Time to take off the blinkers
Category: Asia, Global
If you turn your eyes away from the political headlines to where asset allocators normally look – the business and financial news – you could be forgiven for thinking that we’re now living in the best of times. Yes, there are signs that the “Trump bounce” is running out of… well, bounce, with stock sell-offs in Europe. All the same, there seems to be a remarkable bounceback from the risk-aware hesitancy of previous years, which helped to drive the “new normal” of highly correlated asset classes and markets moving in step with policymakers’ pronouncements. Investors and institutions that acted and allocated as though in fear of some fresh market crisis and new systemic breakdown are now behaving as though the macro environment is back to pre-2008 days. And all thanks to outbreaks of political stupidity? What is wrong with this picture?
Admittedly, the drop-off in the quantitative easing and austerity policies that helped drive the “new normal” are a lot to do with that. But it’s concerning that geopolitical risk is not being priced into the market anywhere near as much as it should be. Brexit is a demonstration that human beings, in defiance of most economic theories, are not rational actors pursuing their own self-interest: they may be the exact opposite.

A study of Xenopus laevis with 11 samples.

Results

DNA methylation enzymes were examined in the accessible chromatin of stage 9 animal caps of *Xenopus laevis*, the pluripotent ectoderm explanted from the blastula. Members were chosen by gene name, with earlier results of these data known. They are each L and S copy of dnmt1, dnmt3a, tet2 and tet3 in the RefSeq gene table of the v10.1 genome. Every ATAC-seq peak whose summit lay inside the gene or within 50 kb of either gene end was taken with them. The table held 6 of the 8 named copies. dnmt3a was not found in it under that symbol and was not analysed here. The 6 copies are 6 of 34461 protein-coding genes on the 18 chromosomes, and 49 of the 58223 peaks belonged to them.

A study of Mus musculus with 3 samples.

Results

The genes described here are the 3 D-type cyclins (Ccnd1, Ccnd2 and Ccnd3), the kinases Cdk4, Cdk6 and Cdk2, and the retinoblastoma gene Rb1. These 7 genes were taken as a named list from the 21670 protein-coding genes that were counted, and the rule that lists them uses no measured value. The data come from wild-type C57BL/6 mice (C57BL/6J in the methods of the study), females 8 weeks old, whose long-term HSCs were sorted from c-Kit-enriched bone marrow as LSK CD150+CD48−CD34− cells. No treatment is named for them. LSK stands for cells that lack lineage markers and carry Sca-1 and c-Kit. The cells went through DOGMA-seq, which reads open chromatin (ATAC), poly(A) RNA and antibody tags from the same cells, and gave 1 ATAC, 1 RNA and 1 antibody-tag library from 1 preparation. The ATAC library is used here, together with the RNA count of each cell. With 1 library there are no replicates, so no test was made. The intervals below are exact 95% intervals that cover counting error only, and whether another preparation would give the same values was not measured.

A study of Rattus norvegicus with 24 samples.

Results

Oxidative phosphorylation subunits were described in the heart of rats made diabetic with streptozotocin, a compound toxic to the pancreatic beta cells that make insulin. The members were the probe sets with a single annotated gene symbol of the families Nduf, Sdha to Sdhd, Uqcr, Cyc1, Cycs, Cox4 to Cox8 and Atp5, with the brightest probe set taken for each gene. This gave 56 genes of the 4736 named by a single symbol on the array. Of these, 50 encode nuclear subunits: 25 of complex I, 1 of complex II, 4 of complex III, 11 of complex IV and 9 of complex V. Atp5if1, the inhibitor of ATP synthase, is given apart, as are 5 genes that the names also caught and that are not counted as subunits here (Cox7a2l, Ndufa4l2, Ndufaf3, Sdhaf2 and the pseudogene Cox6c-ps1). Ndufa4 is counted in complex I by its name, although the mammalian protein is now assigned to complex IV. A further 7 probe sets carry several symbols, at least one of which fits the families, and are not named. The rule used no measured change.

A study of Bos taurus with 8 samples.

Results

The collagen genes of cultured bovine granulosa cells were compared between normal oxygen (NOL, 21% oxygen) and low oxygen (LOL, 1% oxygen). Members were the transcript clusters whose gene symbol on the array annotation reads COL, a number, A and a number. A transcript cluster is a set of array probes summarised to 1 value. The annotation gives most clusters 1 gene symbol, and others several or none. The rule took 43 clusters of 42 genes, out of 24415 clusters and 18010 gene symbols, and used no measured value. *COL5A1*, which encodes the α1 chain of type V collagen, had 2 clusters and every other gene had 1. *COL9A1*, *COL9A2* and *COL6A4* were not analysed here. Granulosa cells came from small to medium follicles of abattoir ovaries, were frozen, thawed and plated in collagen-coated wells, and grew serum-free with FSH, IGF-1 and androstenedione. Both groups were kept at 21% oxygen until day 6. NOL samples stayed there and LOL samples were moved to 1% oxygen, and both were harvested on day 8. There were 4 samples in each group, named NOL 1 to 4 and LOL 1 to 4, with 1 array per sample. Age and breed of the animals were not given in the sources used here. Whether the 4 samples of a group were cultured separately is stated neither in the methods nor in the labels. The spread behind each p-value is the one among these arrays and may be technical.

Remember that, according to dictionary definitions, demagogues rise “by exploiting prejudice and ignorance among the common people, whipping up the passions of the crowd and shutting down reasoned debate”. That doesn’t sound like any kind of environment for good policy-making. And the blind optimism of investors who piled into equities on the basis that a Trump presidency would be pro-business and commercially good for America may be rudely disappointed. Any pro-business leanings of the current Conservative government in the UK, for instance, are totally outweighed by the catastrophic damage that Brexit stands to inflict on the broader economy. And one other alarming characteristic unites both sides of the Atlantic: the blind indifference to facts and rational decision-making when there are populist prejudices to exploit.
In these circumstances, it would be advisable for asset allocators to hedge against extreme macro shocks and any number of black swans falling from the skies. Oh, and perhaps live up to their own rhetoric about corporate social responsibility and being responsible corporate citizens, and start making the case for socially inclusive, globally-oriented, open-minded, rational policy-making in general. Because if they don’t, the politicians don’t look about to – with all kinds of consequences for pensioners and other stakeholders for whom asset allocators have fiduciary responsibility. That’s one more kind of responsibility than many leaders appear to have right now. Be prepared for more disastrous self-harm.